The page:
Taylor discusses the debt ceiling with Hugh Hewitt

via Hugh Hewitt Show
Tuesday, July 12, 2011

John Taylor, the George P. Shultz Senior Fellow in Economics at the Hoover Institution and the Mary and Robert Raymond Professor of Economics at Stanford University, discusses the debt ceiling and what would happen and who would get paid if the ceiling were not raised.

John B. Taylor

Taylor on fiscal and monetary policy

via EconTalk
Monday, July 18, 2011

In this podcast Russell Roberts, a research fellow at the Hoover Institution and EconTalk host, discusses, with John Taylor, the George P. Shultz Senior Fellow in Economics at the Hoover Institution and the Mary and Robert Raymond Professor of Economics at Stanford University, the state of the economy and the prospects for recovery.


via townhall.com
Friday, July 15, 2011

David Davenport, counselor to the director and a research fellow at the Hoover Institution, notes that only 23% of children grow up in traditional households. Davenport worries that the new living arrangements and structures of families may not bode well for children.

Russell D. Roberts

Banerjee on poverty and poor economics

via EconTalk
Monday, July 11, 2011

In this podcast Russell Roberts, a research fellow at the Hoover Institution and EconTalk host, discusses, with Abhijit Banerjee of MIT, Banerjee's book (coauthored with Esther Duflo) Poor Economics. The conversation begins with how randomized control trials (a particular kind of social experiment) have been used to measure the effectiveness of various types of aid to the poor.


via townhall.com
Tuesday, July 5, 2011

David Davenport, counselor to the director and a research fellow at the Hoover Institution, notes that perhaps you missed Action Comics #900; if so, in it Superman has renounced his American citizenship, saying “truth, justice and the American way—it’s not enough anymore.” Now he wants to be a “citizen of the world.”

Russell D. Roberts

Skeel on bankruptcy and the auto industry bailout

via EconTalk
Monday, July 4, 2011

In this podcast Russell Roberts, a research fellow at the Hoover Institution and EconTalk host, discusses, with David Skeel of the University of Pennsylvania Law School, bankruptcy and the government bailout of the auto industry.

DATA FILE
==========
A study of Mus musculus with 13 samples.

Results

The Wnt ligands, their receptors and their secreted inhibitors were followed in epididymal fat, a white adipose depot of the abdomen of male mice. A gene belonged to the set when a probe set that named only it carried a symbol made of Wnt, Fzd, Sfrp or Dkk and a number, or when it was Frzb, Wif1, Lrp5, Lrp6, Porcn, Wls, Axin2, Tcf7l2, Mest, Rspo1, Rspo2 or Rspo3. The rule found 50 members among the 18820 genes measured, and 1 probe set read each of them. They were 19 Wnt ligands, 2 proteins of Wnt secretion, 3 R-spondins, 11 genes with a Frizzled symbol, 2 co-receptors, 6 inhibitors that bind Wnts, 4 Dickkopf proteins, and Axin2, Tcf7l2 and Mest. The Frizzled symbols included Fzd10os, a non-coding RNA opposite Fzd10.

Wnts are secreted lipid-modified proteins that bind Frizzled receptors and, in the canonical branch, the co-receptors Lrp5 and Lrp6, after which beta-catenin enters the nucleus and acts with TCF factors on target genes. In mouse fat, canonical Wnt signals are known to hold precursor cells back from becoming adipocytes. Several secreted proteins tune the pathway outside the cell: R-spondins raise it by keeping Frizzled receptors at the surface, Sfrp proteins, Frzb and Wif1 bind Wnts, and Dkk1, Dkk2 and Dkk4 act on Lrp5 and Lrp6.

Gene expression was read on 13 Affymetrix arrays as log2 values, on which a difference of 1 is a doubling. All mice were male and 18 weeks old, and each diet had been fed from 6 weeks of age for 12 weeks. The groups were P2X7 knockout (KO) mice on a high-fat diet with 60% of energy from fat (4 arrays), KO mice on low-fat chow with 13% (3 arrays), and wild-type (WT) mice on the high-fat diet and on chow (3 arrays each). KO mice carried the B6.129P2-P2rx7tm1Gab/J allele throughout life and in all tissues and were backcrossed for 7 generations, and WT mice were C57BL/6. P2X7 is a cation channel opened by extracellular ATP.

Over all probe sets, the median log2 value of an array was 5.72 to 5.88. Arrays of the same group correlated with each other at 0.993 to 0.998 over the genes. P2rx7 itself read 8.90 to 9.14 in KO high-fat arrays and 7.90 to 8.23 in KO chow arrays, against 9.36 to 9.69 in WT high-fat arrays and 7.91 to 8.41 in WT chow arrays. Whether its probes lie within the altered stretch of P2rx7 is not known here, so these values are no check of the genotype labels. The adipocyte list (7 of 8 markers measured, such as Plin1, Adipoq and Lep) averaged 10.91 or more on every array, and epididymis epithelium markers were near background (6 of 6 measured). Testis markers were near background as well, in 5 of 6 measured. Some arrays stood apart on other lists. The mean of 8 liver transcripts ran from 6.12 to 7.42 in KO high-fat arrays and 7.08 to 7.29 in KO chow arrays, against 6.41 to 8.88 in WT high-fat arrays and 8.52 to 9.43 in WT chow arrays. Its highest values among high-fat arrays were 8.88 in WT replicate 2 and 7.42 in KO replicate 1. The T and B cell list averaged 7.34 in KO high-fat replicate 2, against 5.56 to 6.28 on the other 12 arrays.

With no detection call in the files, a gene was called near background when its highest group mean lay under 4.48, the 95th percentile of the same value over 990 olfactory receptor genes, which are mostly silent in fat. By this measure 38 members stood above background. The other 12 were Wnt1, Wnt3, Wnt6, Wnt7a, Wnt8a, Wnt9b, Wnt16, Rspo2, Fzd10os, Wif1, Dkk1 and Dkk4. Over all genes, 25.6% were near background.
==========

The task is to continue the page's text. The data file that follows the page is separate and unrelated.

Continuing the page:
Kori Schake is a research fellow at the Hoover Institution

Blasting sacred cows with an army howitzer: Could cuts in military spending go in place of tax increases?

via Patt Morrison (KPCC)
Monday, June 27, 2011

Kori Schake, a research fellow at the Hoover Institution and an associate professor of international security studies at the United States Military Academy, discusses, with KPCC’s Patt Morrison, why some congressional Republicans are pushing for significant cuts in military spending, going against the conservative archetype of protecting the Pentagon’s budget at all costs.

Russell D. Roberts

Otteson on Adam Smith

via EconTalk
Monday, June 27, 2011

In this podcast Russell Roberts, a research fellow at the Hoover Institution and EconTalk host, discusses, with James Otteson of Yeshiva University, Adam Smith. The conversation begins with a brief sketch of David Hume and his influence on Smith and then turns to the so-called Adam Smith problem.


via townhall.com
Wednesday, June 22, 2011

David Davenport, research fellow at the Hoover Institution, discusses the ballot proposition for this fall to make circumcision of male babies illegal. In creating what proponents call a human right, they are willing to throw away family and religious rights.

Clint Bolick

Bolick discusses the Fourteenth Amendment

via Here and Now (KJZZ)
Thursday, June 23, 2011

Clint Bolick, research fellow at the Hoover Institution and director of the Goldwater Institute Center for Constitutional Litigation in Phoenix, talks with Here and Now's Steve Goldstein about his book, Death Grip: Loosening the Law's Stranglehold over Economic Liberty. The book examines a Supreme Court case that changed the interpretation of the Fourteenth Amendment and argues that people should be working to reverse a court decision made in 1873.